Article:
OSHKOSH - Carnival Cruise Lines has run into yet another problem with one of its ships. This time, with the Carnival "Legend." The company says an issue with the ship's thrusters is affecting its sailing speed. It resulted in a cancelled stop for the 7-day cruise, which is due back in Florida on Sunday. The incident comes just days after the Carnival "Dream" had trouble with one of its generators. That ship remains docked in Saint Maarten - with some passengers still on board. They are waiting to be flown home.
At Ambassador Travel in Oshkosh cruises are becoming increasingly popular, but owner Susie Leib told FOX 11 recent trouble for the Carnival Cruise Line does concern her customers. She told us first time cruisers especially will call her about it.
"Now they have questions or concerns about 'is this really for me?' or 'should I really take a cruise? Is it safe?'" Leib explained.
Leib said she is honest about the risks of cruising, but said on the whole they are minimal.
"Do things happen? Yes. But statistically cruising is very safe,' said Leib.
According to Lieb people rarely end up cancelling.
Steven Jahnke owns Blue Avenue Travel in Appleton. He agrees with Lieb, saying accidents are as as likely to happen on a resort as they are on a ship.
"You look at the number of cruise line passengers in a year, it's about 25 million. So the percentage it affects is very, very low," explained Jahnke.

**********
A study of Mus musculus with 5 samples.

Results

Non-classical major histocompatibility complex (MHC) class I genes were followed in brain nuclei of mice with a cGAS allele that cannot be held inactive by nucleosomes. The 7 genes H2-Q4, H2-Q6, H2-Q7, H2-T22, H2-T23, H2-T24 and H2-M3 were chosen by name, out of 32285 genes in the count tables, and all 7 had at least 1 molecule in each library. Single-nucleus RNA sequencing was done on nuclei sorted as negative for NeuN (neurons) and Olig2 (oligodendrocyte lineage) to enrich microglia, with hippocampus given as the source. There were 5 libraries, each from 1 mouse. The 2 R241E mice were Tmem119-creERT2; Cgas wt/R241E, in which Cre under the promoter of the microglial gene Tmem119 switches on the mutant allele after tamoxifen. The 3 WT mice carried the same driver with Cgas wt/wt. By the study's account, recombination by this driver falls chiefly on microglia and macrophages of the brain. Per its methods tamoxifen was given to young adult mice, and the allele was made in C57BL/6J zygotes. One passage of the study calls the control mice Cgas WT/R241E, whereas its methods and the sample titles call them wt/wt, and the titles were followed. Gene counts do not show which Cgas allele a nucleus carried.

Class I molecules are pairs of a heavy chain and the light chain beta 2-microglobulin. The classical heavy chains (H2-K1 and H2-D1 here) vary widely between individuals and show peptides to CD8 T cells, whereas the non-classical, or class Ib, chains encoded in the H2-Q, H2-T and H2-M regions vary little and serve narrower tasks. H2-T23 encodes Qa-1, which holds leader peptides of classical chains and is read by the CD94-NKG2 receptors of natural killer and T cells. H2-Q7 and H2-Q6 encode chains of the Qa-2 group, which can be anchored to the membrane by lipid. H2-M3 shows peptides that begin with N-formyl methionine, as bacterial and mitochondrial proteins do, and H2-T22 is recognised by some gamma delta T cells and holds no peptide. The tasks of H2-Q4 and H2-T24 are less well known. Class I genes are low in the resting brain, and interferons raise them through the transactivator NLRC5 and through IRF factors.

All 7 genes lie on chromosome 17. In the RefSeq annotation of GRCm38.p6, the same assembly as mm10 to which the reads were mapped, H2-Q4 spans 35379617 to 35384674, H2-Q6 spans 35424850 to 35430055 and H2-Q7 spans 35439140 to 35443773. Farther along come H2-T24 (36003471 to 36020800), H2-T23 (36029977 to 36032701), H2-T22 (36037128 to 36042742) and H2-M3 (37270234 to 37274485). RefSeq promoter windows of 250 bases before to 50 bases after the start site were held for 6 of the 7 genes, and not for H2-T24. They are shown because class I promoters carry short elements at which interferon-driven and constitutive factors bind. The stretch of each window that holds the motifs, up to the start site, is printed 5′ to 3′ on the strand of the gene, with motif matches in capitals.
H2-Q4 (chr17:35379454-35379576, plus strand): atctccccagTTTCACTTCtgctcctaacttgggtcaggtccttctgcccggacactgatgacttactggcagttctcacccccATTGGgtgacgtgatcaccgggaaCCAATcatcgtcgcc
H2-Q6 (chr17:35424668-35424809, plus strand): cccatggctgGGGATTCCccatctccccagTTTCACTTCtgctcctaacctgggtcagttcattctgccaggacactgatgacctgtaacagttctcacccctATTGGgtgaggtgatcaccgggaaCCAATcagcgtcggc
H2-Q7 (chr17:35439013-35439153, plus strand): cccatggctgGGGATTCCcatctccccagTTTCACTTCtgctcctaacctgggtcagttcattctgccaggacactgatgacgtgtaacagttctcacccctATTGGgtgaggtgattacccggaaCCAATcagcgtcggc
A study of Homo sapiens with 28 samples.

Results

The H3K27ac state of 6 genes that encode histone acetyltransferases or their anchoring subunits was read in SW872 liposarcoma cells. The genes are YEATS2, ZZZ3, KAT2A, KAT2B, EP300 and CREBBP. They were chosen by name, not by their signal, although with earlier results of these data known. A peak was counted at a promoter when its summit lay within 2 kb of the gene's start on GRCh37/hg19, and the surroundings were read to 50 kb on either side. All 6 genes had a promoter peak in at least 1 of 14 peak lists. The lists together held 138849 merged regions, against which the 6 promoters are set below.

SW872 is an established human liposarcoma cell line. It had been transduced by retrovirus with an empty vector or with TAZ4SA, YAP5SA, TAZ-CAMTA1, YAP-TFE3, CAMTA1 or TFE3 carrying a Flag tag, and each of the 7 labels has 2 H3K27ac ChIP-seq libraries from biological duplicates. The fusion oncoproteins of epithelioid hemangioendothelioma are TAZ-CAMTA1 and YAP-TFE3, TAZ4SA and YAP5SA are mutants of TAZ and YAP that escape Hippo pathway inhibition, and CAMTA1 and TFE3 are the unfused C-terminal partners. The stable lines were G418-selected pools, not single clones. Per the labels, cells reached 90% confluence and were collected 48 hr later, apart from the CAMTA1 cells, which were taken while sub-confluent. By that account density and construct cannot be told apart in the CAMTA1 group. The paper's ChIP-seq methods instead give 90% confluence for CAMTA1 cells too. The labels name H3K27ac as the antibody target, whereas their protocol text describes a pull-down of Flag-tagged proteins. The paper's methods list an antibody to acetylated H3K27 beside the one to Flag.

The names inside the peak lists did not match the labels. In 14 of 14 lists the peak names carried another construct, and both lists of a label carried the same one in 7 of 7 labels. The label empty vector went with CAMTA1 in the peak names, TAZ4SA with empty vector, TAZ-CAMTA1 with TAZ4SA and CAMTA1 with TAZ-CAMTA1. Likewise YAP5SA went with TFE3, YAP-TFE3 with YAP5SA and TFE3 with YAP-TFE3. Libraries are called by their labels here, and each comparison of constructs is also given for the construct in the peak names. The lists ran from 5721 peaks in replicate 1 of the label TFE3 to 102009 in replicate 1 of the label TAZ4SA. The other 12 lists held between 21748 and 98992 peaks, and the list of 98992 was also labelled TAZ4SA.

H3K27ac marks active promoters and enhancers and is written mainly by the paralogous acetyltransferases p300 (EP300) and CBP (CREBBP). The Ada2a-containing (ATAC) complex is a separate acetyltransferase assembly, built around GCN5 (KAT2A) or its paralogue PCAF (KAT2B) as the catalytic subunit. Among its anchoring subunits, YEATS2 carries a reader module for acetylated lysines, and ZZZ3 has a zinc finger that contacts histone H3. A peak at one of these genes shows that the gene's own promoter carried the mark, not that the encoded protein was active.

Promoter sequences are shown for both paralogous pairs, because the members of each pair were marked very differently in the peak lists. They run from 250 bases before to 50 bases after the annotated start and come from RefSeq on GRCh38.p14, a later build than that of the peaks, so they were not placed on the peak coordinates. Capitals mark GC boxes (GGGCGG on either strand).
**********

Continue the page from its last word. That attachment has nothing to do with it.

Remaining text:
In a statement Carnival Cruise Line told FOX 11 each time something goes wrong on a ship a team of experts will assess the incident, saying "Their assessment will identify new solutions and measures that we can implement to further ensure the safety and reliability of our fleet. This is the highest priority for our company and spans the fleets of both Carnival Cruise Lines and the entire Carnival Corporation."
The travel agents told us they are comfortable working with Carnival.
"Tthey certainly take care of their passengers on the ships and they certainly do the best they can when they're faced with some of these situations," said Jahnke.
Leib told us if you do book a cruise, just be sure to get travel insurance and always bring your passport.
"If something were to happen whether on the ship or at home and they need to fly back to the U.S., a valid passport is very helpful," she said.
According to Leib some customers worry about getting the norovirus, or food poisoning on cruise ships. She told us you hear about a lot of cases like that, because cruise lines are required to report norovirus, while resorts on land are not.